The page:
Migrating Vehicle Evaluations from the Road to the Computer

Posted by James McLeish on Sep 28, 2016 9:30:00 AM

Migrating-Vehicle-Evaluations.jpgElectronics integration is prevalent in many markets, perhaps none more so than the automotive industry. As a result, physics-based computer aided engineering (CAE) tools have taken vehicle, subsystem and component evaluations off the road and into the lab, allowing for increased design complexities – and necessitating major reliability testing process changes.

Rethinking Reliability Testing

Simply put, traditional Design-Build-Test-Fix (DBTF) methods can no longer keep pace with the advancements in automotive electronics, or the competitive pressures for efficiency and effectiveness these advancements create. To address these shortcomings, a number of automotive manufacturers are transitioning to physics-based modeling.

The immediate benefit of replacing trial and error with virtual simulation using Physics of Failure (PoF) is twofold – saving time and money by eliminating physical prototypes, and freeing automotive engineers to easily and economically pursue a number of design ideas to determine best options. On a broader level, PoF paired with CAE tools allows automotive manufacturers to combine virtual and physical testing for faster, more accurate product development based on life expectations, reliability distributions and risk prioritization.

The Physics-based Solution

Optimizing virtual simulation, testing and reliability assurance for electronic automotive applications requires a sophisticated but user-friendly CAE tool, like Sherlock Automated Design Analysis™ software. Sherlock integrates design rules, best practices and a physics-based understanding of product reliability into a comprehensive multi-step model analysis:

Design capture: Standard PCB CAD/CAM design files are used to automatically define the laminate, layers, thickness and density of a computer-generated circuit board model. Sherlock also imports the bill of material (BOM) parts list that contains supplier part numbers and JEDEC package types.

Define reliability goals: Critical to the entire process is clearly delineating two key metrics – desired lifetime (the time a customer is satisfied with a product) and product performance (survivability of the desired lifetime).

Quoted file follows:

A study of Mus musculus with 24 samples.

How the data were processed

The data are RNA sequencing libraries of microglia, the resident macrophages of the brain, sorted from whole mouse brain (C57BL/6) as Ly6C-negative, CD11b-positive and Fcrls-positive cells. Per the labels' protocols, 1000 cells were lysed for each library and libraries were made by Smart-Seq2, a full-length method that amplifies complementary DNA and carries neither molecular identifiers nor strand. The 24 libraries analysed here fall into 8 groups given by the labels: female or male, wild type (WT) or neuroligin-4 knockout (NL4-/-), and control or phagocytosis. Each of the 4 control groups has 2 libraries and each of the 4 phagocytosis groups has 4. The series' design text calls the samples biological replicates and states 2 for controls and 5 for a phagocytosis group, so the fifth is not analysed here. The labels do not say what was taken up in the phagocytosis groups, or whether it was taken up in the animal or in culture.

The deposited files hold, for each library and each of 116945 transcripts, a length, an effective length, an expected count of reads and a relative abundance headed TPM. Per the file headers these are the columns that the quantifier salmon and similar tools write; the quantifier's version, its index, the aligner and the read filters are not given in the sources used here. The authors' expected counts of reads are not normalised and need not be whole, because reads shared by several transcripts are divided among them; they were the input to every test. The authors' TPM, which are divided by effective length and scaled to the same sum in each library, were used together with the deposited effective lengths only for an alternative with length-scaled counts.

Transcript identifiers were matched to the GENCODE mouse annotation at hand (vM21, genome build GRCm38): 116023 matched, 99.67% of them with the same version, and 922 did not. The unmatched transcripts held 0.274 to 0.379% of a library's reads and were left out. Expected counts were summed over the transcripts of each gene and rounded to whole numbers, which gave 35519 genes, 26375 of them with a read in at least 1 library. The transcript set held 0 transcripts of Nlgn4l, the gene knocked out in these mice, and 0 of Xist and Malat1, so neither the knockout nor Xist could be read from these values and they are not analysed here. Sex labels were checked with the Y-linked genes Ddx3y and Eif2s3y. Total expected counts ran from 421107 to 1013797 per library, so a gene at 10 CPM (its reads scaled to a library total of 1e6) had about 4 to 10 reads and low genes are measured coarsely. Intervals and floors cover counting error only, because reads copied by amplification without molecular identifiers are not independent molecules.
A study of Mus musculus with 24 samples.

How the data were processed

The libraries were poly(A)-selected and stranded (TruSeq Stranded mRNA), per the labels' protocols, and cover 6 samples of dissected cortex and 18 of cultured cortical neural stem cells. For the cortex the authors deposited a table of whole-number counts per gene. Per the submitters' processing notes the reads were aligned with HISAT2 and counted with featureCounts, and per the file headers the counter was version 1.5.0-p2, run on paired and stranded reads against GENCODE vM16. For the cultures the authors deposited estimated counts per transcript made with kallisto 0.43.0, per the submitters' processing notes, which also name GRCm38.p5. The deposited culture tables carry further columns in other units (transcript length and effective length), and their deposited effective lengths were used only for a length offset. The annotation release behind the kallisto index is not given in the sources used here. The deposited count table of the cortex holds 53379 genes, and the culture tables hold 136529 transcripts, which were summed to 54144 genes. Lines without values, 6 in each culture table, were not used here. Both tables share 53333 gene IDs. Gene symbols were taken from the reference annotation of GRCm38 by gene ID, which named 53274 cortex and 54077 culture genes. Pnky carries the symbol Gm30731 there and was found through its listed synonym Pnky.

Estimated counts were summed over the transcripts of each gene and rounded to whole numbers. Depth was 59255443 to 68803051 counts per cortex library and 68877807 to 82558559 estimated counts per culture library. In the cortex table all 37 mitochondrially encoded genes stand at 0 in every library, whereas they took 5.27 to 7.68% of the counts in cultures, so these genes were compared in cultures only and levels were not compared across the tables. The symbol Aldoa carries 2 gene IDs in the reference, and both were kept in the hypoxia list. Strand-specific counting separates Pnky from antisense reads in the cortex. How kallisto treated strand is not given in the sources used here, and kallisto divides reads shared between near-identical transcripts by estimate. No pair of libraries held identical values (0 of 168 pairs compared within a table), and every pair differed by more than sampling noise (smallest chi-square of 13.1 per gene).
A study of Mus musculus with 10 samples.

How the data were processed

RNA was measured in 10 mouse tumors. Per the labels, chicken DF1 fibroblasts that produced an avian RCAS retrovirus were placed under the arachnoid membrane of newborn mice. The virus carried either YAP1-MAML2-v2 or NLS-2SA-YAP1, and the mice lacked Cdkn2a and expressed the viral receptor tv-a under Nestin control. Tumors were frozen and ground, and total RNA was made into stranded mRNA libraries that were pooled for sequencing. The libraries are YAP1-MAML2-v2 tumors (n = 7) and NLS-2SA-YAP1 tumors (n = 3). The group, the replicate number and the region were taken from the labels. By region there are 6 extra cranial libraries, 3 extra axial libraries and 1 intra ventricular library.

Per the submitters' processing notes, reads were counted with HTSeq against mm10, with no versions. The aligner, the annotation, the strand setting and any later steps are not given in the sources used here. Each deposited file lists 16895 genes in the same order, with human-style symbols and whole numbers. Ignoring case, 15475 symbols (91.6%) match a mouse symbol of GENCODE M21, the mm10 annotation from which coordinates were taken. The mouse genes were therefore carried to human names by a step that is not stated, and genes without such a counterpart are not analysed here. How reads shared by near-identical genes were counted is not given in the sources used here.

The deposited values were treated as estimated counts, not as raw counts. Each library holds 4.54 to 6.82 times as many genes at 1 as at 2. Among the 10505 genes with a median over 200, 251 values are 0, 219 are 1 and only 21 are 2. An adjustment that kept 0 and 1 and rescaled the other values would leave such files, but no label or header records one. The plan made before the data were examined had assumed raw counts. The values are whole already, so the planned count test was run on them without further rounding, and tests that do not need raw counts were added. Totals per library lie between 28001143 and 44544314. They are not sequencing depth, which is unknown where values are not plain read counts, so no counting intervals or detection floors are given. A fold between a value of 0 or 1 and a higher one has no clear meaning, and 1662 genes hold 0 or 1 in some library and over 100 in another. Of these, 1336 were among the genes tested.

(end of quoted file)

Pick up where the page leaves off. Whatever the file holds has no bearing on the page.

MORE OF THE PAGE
Define environments: Two prevalent approaches exist for defining environments, using industry specifications like SAE J1211, or using actual measurements based on similar products in similar environments. For automotive applications, the latter is typically chosen to gauge temperature cycling since it more accurately reflects actual conditions.

Generate inputs: Sherlock allows the user to detail thermal, vibration and shock stress profiles. An automotive electronics profile, for example, might focus on the outside of the engine compartment with minimal power dissipation and daily temperature cycling providing the primary degradation-inducing load.

Perform analysis: Based on the user-defined reliability requirements and environment, Sherlock is capable of analyzing:

  • Conductive Anodic Filament Formation (CAF)
  • Failure Rate via MIL-HNDBK-217, SR-332 or IEC-62380
  • Plated Through Hole Fatigue
  • Solder Joint Fatigue
  • In-Circuit Test (ICT)
  • Vibration
  • Shock

Interpret results: Sherlock’s physics-based modeling produces a detailed, application-specific PoF life curve that, unlike single point constant failure rate estimates, helps automotive engineers determine if a design is capable of surviving the intended test and use environment conditions, as validated by real testing.  

Sherlock provides automotive manufacturers with validated reliability modeling that is faster than DBTF and, moreover, aligns with the engineering practices and complex products of today’s automotive industry. Contact us today to learn more about how Sherlock can work for you.